What are vintage amps comparable to?
Apr 16, 2006 at 10:38 AM Thread Starter Post #1 of 4

Puddleglum

 
Apr 16, 2006 at 11:18 AM Post #2 of 4

skyline889

 
Apr 16, 2006 at 9:27 PM Post #3 of 4

mkmelt


Noise can be from an external source such as 60 cycle AC noise that is heard as a low frequency hum when it is not adequatedly suppressed by the filter capacitors in the power supply. It can also be generated by the electronics components themselves (especially carbon composition resistors and early transistors). The 2215 probably has a lower signal to noise specification (more noise) than some of the newer amplifiers.

One way to eliminate the AC line as a source of possible noise is to design the amplifier to run on battery power with playing time limited by battery run time. Unless such a headphone amplifier comes with a correspondingly high quality AC power supply, battery operation will generally yield quieter, more satisfying listening. The limiting factor, however, may be the noise in the original program material or source equipment (such as an inexpensive computer sound card). Also not all noise is audible. If it falls far outside the range of human hearing it will have minimal if any effect on the music.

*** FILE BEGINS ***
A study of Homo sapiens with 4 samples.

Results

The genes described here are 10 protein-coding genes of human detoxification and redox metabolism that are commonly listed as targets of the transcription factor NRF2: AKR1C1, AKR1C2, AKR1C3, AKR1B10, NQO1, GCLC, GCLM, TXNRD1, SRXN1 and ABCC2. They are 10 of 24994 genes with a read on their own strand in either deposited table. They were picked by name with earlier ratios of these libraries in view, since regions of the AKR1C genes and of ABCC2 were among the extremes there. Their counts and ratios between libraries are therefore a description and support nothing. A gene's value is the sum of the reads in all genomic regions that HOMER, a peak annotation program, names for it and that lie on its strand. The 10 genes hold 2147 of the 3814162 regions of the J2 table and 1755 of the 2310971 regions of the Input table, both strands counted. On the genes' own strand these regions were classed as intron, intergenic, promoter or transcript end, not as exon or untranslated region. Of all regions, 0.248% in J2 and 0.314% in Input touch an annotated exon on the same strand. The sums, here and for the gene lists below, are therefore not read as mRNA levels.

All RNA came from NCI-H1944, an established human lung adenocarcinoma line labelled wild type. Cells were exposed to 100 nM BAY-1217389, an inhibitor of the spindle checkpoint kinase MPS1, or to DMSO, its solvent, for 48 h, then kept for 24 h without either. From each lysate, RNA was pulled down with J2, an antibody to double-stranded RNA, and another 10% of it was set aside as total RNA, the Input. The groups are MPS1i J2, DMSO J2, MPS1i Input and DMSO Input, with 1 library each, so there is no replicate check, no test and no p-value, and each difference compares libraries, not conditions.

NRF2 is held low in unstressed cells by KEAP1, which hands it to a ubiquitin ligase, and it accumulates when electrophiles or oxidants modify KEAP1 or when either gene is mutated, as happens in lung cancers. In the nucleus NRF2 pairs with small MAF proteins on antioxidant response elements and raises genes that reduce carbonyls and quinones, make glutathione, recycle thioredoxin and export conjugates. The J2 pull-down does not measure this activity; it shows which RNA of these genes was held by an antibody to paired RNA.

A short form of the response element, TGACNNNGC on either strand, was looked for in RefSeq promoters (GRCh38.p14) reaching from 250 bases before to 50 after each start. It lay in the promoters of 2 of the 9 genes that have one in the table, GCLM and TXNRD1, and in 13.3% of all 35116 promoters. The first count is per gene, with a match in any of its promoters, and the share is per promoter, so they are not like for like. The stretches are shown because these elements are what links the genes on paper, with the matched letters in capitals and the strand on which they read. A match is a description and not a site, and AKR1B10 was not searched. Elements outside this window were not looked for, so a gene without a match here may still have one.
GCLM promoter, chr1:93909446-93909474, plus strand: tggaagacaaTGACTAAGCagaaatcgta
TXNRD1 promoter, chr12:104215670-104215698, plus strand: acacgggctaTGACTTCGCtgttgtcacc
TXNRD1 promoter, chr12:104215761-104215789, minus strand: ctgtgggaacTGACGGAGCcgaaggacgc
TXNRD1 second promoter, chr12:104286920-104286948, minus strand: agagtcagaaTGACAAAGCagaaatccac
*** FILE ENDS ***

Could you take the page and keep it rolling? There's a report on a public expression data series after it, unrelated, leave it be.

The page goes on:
If you traded your 2215 for a dedicated headphone amplifier you would lose the flexibility of multiple inputs plus the balance control and tone controls. The dedicated headphone amplifier would have a smaller footprint and a higher signal to noise specification (less noise) and lower rated distortion.

As to whether a dedicated headphone amplifier sounds better, it depends on the model of headphone being used with the 2215. On a cost basis, the Marantz unit such as the 2215 has the advantage of being fully depreciated (at least 80-90%) and as such will cost 1/3 or less of a comparable dedicated headphone amplifier of similar listening quality. If you can, borrow the specific model amplifier you are considering and perform your own listening test to see if it warrants the additional cost.